An ultra-marathon is anything longer than the length of a traditional marathon. It challenges one’s physical limits to the maximum, and the perseverance of the runners is crucial to the ultimate success at the end of the day.
Highland Kings Ultra (HKU) is the world’s first premium ultra over four days, covering 120 miles (approximately 190km) of the most rugged yet scenic terrain on Scotland’s west coast. The inaugural event took place from April 25th to 29th this year.
Among the marathon runners from all over the world, there was a Chinese father and son team. Lionel, Founder of Li Foundation, is a father who has participated in several ultra marathons, including the World Marathon Challenge and Tour de Taiwan Ultra Marathon, while his son, Leo, 17 years old this year is the youngest runner in HKU.
Leo is a sports enthusiast. He clinched gold in the Singapore Powerlifting Open 2021 and broke the national record previously set in 2014 in the U59 Sub Junior catagory. However, marathon is not his strength. He only had the experience of a half marathon before HKU. In order to prepare for this race, Leo started his training, which was specifically planned out by the Committee, in the most diligent and earnest way six weeks before the event. He ran the Woodlands-Sentosa route with a total distance of 34 kilometres from the north to south of Singapore as his ‘Long Slow Distance’ long distance trial run.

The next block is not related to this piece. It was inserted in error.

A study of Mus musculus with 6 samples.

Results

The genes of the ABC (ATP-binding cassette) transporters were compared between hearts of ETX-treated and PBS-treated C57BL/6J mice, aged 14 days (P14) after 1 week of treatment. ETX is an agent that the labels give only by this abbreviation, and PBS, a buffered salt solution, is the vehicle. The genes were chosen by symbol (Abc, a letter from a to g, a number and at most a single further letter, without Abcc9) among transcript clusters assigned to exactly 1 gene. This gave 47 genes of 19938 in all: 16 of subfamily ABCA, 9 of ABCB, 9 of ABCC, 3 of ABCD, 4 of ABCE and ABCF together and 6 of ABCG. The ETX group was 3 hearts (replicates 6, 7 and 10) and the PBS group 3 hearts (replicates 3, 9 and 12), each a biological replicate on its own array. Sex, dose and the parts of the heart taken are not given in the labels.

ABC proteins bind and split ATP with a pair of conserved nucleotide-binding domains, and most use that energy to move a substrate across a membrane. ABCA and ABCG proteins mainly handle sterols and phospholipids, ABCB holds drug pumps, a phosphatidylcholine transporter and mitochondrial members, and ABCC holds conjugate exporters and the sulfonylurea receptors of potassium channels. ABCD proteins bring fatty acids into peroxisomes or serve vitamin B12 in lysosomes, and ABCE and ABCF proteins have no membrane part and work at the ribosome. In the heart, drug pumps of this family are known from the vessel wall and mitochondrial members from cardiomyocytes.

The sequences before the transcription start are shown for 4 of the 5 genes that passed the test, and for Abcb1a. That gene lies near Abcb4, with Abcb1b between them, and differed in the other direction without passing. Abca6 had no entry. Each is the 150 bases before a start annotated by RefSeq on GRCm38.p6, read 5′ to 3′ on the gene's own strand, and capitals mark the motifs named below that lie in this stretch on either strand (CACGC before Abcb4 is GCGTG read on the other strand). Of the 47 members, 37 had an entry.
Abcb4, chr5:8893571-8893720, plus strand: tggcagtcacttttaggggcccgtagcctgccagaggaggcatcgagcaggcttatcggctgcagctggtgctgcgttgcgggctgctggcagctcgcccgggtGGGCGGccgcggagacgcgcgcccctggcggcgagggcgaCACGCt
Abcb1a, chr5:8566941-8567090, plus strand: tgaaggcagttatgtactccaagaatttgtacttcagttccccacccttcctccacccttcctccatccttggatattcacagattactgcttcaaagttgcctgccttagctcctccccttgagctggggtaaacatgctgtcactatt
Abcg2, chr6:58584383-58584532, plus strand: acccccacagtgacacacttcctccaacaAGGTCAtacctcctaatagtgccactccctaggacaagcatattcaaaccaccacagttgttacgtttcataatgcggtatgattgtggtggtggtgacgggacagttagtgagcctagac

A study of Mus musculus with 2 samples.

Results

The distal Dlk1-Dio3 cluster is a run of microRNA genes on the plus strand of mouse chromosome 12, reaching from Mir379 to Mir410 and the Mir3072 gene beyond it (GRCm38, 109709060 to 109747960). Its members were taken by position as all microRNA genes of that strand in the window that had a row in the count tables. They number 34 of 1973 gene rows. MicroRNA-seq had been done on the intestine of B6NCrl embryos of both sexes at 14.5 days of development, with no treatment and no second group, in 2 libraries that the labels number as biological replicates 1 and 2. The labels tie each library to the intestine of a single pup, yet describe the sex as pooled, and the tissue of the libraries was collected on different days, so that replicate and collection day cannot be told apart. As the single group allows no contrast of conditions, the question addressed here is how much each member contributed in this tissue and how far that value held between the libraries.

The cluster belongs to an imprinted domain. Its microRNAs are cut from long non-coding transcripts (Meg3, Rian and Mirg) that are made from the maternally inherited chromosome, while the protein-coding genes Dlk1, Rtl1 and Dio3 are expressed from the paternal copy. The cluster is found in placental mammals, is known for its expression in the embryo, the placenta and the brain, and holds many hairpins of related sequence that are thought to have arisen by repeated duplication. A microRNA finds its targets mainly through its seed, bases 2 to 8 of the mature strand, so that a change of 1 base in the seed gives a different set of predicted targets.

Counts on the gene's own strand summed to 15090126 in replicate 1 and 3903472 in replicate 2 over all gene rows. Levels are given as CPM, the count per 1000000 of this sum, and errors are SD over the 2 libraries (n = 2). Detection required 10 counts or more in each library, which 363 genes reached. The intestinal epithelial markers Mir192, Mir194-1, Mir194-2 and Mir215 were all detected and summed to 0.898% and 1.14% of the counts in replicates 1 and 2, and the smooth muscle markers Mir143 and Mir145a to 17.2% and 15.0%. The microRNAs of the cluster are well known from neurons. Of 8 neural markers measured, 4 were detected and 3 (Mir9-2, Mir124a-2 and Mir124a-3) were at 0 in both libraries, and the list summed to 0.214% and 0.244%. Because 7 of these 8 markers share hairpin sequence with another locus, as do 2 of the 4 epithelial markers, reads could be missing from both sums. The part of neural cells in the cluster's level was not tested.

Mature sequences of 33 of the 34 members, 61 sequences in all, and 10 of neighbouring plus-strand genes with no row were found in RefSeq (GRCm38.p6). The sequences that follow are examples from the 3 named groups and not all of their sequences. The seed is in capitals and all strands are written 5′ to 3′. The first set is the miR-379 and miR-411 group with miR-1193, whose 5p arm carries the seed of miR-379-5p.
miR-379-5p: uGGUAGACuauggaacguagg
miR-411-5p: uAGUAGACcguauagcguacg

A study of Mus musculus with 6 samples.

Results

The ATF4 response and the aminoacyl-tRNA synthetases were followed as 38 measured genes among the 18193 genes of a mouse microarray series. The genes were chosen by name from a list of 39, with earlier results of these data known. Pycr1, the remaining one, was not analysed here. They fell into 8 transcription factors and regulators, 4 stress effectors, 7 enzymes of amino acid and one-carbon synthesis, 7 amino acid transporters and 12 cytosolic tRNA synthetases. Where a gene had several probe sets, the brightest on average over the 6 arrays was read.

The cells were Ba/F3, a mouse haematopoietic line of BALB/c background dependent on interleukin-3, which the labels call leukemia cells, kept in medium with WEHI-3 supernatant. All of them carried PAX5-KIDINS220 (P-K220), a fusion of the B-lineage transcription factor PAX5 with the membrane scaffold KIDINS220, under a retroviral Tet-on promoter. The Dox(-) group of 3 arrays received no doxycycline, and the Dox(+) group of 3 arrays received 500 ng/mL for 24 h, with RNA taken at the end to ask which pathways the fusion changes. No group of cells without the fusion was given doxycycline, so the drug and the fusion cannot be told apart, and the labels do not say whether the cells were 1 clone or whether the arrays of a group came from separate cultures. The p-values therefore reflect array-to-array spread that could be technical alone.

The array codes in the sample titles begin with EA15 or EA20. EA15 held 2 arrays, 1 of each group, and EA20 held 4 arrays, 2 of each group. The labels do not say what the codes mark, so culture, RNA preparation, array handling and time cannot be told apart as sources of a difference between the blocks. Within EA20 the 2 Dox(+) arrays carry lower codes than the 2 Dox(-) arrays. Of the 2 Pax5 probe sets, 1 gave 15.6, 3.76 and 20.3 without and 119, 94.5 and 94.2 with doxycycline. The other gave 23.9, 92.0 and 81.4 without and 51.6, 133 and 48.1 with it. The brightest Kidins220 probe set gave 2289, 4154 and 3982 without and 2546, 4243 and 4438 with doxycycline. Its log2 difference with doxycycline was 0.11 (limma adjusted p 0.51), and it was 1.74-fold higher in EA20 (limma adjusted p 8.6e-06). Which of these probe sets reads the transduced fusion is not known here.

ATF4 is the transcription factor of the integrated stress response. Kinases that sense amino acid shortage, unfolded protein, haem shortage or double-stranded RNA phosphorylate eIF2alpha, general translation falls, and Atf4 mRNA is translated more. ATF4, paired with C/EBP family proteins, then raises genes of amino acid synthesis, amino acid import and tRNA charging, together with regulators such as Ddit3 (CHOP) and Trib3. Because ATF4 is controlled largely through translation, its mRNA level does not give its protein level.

The first day of the race covered approximately 50 kilometres, with a climb height of 800 meters. Leo enjoyed the epic and spectacular scenery of the Scottish Highlands while running along the coast. On his way, he carried the banners of two philanthropy foundations, SportCares and Li Foundation which he has been involved for a period of time and took photos with them to commemorate their support and fostering on a daily basis.
Leo’s body did not react well after day 1 of the event. The Committee was concerned and in order to still enjoy the rest of the race, Leo was advised and decided to cover only half the distance for days 2 and 3. The final day of the event was held on Arran Island and the most challenging part was climbing two large mountains. Leo had already finished 100 kilometres in the first three days. Unfortunately, he tore the ligaments in his left leg at the 7-kilometre mark but he persisted on with two walking sticks till he hits the 17-kilometre mark. Ultimately, he had no alternative but to withdraw from the competition due to the extent of his injuries.
Despite encountering various difficulties and obstacles along the way, Leo successfully challenged 125 kilometres in the four-day race creating a miracle of his own. At the final award ceremony, he received the medal from the legendary explorer, Ranulph Fiennes. This medal not only rewards him for all the energy he devoted to preparing for this race but also motivates him to forge forward courageously in his future endeavours.
Although Leo is a teenager, he has a strong strength of will. As long as one has a dream, you can keep running on and on.
The book showcases how the participants challenged their limits and conquered the World Marathon Challenge and North Pole Marathon to inspire people to challenge their own limits and pursue their dreams boldly.
The book tells the stories behind the event which saw the largest number of people in history running 1045km round Taiwan in 19 days.